JOHANNESBURG (Oct. 6)
Sentiments prevailing among Jewish youth in South Africa were established here by a survey conducted by Rabbi L. Milgrom, director of the B’nai B’rith Hillel Foundation at the University of Minnesota, who was invited by the South African Jewish Board of Deputies to advise it on how to secure active participation of Jewish students in Jewish communal and cultural life.
Rabbi Milgrom found that while Jewish home life in South Africa is at present far stronger than in the average American home, a large number of Jewish students in South Africa are alienated or indifferent, and the remainder are often confused and “insecure” in their Jewishness.
The American Jewish educator based his analyses on replies received to a questionnaire consisting of 35 questions mailed to approximately 2,400 students. Only 508 replied. However, these replies are regarded by Rabbi Milgrom as “a reliable cross-section” of student opinion generally.
Rabbi Milgrom believes that however critical or apathetic some of them may appear, there is a “very strong identity” with Jews and the Jewish community on the part of almost all students. The average home, he says, has still a positive relationship to the Jewish religion and culture and maintains certain observances, and most young people move in a Jewish environment with Jewish friends.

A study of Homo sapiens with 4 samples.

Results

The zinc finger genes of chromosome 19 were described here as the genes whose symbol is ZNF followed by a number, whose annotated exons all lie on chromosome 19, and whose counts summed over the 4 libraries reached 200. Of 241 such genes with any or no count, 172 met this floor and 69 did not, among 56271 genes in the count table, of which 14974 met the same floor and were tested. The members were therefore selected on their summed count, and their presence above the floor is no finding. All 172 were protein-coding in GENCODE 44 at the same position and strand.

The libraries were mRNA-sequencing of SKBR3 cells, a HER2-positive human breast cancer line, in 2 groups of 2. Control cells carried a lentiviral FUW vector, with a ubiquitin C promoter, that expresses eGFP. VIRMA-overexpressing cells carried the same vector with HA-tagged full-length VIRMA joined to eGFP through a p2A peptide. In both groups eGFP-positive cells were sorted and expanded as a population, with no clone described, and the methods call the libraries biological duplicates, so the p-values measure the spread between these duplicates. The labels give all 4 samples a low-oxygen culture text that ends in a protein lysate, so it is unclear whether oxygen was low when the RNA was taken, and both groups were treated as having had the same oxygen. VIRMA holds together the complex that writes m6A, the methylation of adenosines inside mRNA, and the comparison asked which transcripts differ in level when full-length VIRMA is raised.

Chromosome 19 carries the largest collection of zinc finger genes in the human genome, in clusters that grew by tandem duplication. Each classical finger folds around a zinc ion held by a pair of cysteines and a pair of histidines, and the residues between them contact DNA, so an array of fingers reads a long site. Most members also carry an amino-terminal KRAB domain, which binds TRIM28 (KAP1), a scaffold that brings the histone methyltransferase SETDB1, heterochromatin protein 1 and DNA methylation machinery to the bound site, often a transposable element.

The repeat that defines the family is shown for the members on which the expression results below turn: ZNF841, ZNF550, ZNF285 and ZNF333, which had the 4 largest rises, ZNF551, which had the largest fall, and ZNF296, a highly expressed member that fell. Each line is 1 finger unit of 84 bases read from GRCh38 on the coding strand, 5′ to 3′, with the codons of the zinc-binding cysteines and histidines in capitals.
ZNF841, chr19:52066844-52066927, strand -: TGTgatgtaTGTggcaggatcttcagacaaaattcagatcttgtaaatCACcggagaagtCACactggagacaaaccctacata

Most of the students are only superficially indifferent or alienated, Rabbi Milgrom is inclined to believe. He states: “They are seriously in need of individual counselling, following which they can, without too much trouble, be brought into leadership roles in Jewish activities. To win students of this calibre back to the Jewish community should be a ‘must’ in the agenda of any youth program. To ignore them would mean to write off part of the best potential for future leadership. “On the other hand, he records many opinions by students themselves and others associated with them, which called into question this view that the “apathetic” student can be reclaimed through the “proper approach.”
Rabbi Milgrom sums up: “The questionnaire in general and these comments in particular reveal a large number of students who are highly emotional and irrational about major issues in South Africa. An even larger number are woefully confused about Judaism, the Jewish community, and about themselves as Jews.”